Norman Stacey is a financial adviser and investment strategist who was involved in a high-profile court case relating to the sale of his business. He now spends much of his time in Thailand.

Friday, April 28th 2017, 12:00PM

by Susan Edmunds

Norman Stacey, Director of Diversified Investments

Who are you and what do you do?

I am an Investment Strategist, and a Financial Adviser to a small number of high-net worth individuals or Trusts. Portfolios enjoyed 16% returns for the year just passed (to March 31st 2017) and 35% cumulative over the three years (since March 2014).

How did you get into the industry?

I studied Economics, became an investment analyst and then a stockbroker in North America, before returning to New Zealand in 1994.

If there is one thing you would like to change about the financial advice industry, what would it be? 

To foster a larger, more viable and growing Independent Advisory Industry, because that is where the innovation is.

What’s the best advice you have ever received?

To maintain systemic diversification always. No matter how clever you are, or how thorough your research, there is often one more variable than you planned for. Tactical asset allocation is very beneficial, but it deals with probabilities, not certainties.

What has been the biggest factor that has driven change in your career and business over the past 10 years?

The advent of KiwiSaver has brought the Banks & Financial Institutions to dominate what had been a mostly independent Investment Advisory market. Banks had previously been neglecting advice, or had been simply product providers.  

Do you regret anything about the court case over the sale of your business, or the way that process was handled?

Yes, I think Fisher Funds and the other 50% partner of Diversified Investment Strategies Ltd could have been far more open.

Is it still possible to operate in New Zealand as a smaller-scale manager?

Not impossible, but very difficult. Decimation of the Independent Adviser industry has greatly reduced distribution channels available to them to access the New Zealand retail market. Legislation and the Regulators structurally favour institutions, whose advisers are strictly limited in what they can recommend to investors, and who primarily tout in-house products - even when they are clearly inferior.  We should be grateful that there are some surviving, small-scale managers at all, as their efforts would likely have been more rewarded had they applied their talents in other jurisdictions.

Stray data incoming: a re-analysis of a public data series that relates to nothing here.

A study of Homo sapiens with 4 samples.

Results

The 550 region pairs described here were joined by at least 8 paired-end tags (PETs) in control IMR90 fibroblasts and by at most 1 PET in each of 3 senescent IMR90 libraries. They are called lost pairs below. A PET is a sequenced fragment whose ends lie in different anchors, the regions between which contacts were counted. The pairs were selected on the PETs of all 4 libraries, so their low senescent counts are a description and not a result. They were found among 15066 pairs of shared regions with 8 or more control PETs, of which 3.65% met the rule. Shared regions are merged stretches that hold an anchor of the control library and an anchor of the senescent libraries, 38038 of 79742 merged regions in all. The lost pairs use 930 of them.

Are you a KiwiSaver member?
Yes. You are a mug not to be. The return on the first $1040 is the best you can short of get doing something illegal!

If so, what’s your investment strategy?
‘Balanced’ - but the investment return is very, very mediocre.  KiwiSaver operators are not very innovative – the best of them achieved an investment return about half of the NZ Superannuation Fund’s 13% last year – so it can be done. The concern is that KiwiSaver Funds are closet indexers, so will destroy a lot of wealth in the next market crash. I only put the minimum or employer-matched contribution into KiwiSaver, because you can do significantly better on investments outside it. 

Outside of work what do you do? 
I am a Justice of the Peace and do volunteer ministerial duties at the Glen Innes CAB periodically. I am on the Board of a few small companies – one in Canada. I spend time at my place in Thailand where I write for a magazine.

What would you say if one of your kids told you they wanted to be a financial adviser?
Get a good education and some worldly experience first. Financial Advising is best as a second career from mid-life onward. Meanwhile, pursue your passion, but take an active interest in financial markets and venturing your own money – you will learn heaps.

What’s one thing people may be surprised to know about you?

I am a Geologist with some silver-lead-zinc, gold and uranium discoveries offshore to my credit. (That is just as well, as it is easier to husband a little personal portfolio than it is to accumulate a decent nest-egg in the Advisory business in NZ).

What would you like to be doing in 10 years' time?

Is ‘getting younger’ allowed? Hopefully still with the marbles to achieve a good return from financial markets – it is fun. Alternatively, I would hope to have found a Financial Adviser I can confidently delegate that to. Mostly, I would like to be healthy, hearty and drinking better wine – along with a similar status for those around me.